Wishing You Well

Help! My eight-year-old doesn’t listen very well. I remind him (repeatedly) to clean his room or put his things away and he does NOT!

First, it is important to understand what is going on with many seven and eight-year-old children when it comes to listening. Young children do not have mature inner speech. In other words, they do not talk to themselves inside their heads like adults. This effects disciplining children tremendously!

Mature inner speech is the manner in which we, as adults, think through the consequences of our actions before we act. Most young children, knowing the consequence (loss of TV privileges, etc) still choose to misbehave. When the consequence is given, they meltdown and beg, “I’ll be good now.”

At around six to eight years of age, inner speech is maturing. What used to be only outer speech now is going underground to become inner speech. For the first time, children have two conversations to attend to at once. They are more like adults. They can listen to the chatter in their heads as well as the talk of others. Often they will ask, “What?” even as you talk, appearing deaf at times. To help them through this developmental process here are some suggestions:

1) Stay calm. Remember, “What you focus on your get more of.” When you are upset, you are always focused on what you don’t want.

2) Do not shout at your child from across the room. Usually, we will start shouting the child’s name. “Kenyon, Kenyon, do you hear me. KENYON! Listen to me,” etc. This upset will be followed by a lecture. “I am your mother and I expect you to listen to me. Do you hear me now?”

Instead, walk up to your child and get as close to his face as you can until he makes eye contact with you. Once your child makes eye contact, gently say, “Well there you are.” Then say, “Room.” One word will be a sufficient reminder for many children.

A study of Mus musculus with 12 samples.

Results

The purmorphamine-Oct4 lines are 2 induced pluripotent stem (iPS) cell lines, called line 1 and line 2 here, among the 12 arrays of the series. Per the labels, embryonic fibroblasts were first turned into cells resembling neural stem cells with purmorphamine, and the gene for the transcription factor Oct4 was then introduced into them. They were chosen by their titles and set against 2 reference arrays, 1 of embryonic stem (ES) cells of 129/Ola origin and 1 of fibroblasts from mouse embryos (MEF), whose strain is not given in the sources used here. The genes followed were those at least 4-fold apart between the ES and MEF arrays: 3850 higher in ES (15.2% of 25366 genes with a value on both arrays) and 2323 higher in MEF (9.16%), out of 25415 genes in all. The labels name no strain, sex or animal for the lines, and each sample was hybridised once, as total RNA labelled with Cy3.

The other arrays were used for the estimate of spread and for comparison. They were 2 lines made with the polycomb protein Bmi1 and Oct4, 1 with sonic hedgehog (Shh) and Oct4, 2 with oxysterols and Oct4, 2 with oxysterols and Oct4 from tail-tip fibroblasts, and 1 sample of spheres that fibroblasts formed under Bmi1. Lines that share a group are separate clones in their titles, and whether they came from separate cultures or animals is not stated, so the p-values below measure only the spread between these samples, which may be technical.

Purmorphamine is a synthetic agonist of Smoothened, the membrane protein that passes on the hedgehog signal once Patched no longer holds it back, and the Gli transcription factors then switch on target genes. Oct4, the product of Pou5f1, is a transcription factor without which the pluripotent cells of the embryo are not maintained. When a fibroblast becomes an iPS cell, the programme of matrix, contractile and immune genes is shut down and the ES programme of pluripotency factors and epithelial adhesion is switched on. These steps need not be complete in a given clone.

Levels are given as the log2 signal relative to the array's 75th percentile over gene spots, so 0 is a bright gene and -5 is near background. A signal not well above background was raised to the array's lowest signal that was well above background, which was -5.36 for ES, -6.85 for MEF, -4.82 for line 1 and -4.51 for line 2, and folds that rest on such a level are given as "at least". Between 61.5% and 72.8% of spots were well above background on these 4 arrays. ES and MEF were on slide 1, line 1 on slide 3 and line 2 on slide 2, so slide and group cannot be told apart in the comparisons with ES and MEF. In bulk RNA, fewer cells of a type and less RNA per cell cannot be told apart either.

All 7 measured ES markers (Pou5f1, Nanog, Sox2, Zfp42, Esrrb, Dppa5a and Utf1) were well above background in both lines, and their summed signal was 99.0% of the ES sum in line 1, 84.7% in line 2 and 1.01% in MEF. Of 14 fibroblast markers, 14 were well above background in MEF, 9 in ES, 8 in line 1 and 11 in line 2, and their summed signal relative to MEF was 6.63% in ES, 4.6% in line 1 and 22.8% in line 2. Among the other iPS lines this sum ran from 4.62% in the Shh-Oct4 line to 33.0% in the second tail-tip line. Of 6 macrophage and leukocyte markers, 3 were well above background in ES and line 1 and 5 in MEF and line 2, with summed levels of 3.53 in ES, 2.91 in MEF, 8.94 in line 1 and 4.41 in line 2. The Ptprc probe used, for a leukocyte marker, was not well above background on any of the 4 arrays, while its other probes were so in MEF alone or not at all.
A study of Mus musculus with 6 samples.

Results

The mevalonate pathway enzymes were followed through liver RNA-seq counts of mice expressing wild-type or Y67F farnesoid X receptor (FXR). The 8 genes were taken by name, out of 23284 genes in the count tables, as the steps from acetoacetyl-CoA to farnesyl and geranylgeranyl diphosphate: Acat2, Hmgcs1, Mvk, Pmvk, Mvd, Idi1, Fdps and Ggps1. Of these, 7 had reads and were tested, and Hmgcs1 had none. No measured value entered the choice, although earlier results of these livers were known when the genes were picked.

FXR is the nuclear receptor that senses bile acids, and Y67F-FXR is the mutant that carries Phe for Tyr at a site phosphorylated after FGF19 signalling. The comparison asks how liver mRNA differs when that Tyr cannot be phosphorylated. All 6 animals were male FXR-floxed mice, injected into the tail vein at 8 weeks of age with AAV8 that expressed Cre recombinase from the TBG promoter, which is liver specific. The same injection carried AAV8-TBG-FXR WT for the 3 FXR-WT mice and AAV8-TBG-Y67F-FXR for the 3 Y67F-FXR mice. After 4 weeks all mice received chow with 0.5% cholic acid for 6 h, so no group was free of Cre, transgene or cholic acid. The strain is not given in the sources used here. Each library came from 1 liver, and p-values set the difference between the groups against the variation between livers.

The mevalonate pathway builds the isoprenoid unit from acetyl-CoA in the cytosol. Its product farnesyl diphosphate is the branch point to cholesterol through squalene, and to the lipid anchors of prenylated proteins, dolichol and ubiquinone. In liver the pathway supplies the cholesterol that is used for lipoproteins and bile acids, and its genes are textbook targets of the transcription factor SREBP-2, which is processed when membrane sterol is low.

Follow this up with encouragement as he begins to do what you’ve asked of him. You might say, “There you go. You can do it. Sometimes it is just hard to get started.”

3) If your child is not following through with a task, there is a good chance you are not following through with encouragement. You are telling children what you want them to do, but not taking the time to celebrate their accomplishments. Children need lots of encouragement. Imagine a football game where everyone sat quietly until a touchdown was made. We need to encourage our children like we do a team attempting to get two yards for a first down!

Routine and Responsibility Cards are a helpful tool for putting more consistency in your home. A homemade job chart might also prove helpful. For example, you could make a routine book by taking pictures of everything your child needs to do in the morning to get ready for school.. I just took pictures one morning as we got ready for school: Mom (Dad) wakes child up in the morning (picture); child gets right up (picture); child gets dressed (picture); eats breakfast (picture); brush and flush (picture); out the door on time (picture); ready for school (picture of child waving as s/he walks into school.) First take your pictures, download them into a simple PowerPoint, print them, and organize them into a simple book. When you see your child zoning in the morning, just ask what step she/he is on to refocus him/her back. But, remember that in addition to these tools, there is no substitute for encouragement and helpful parental reminders.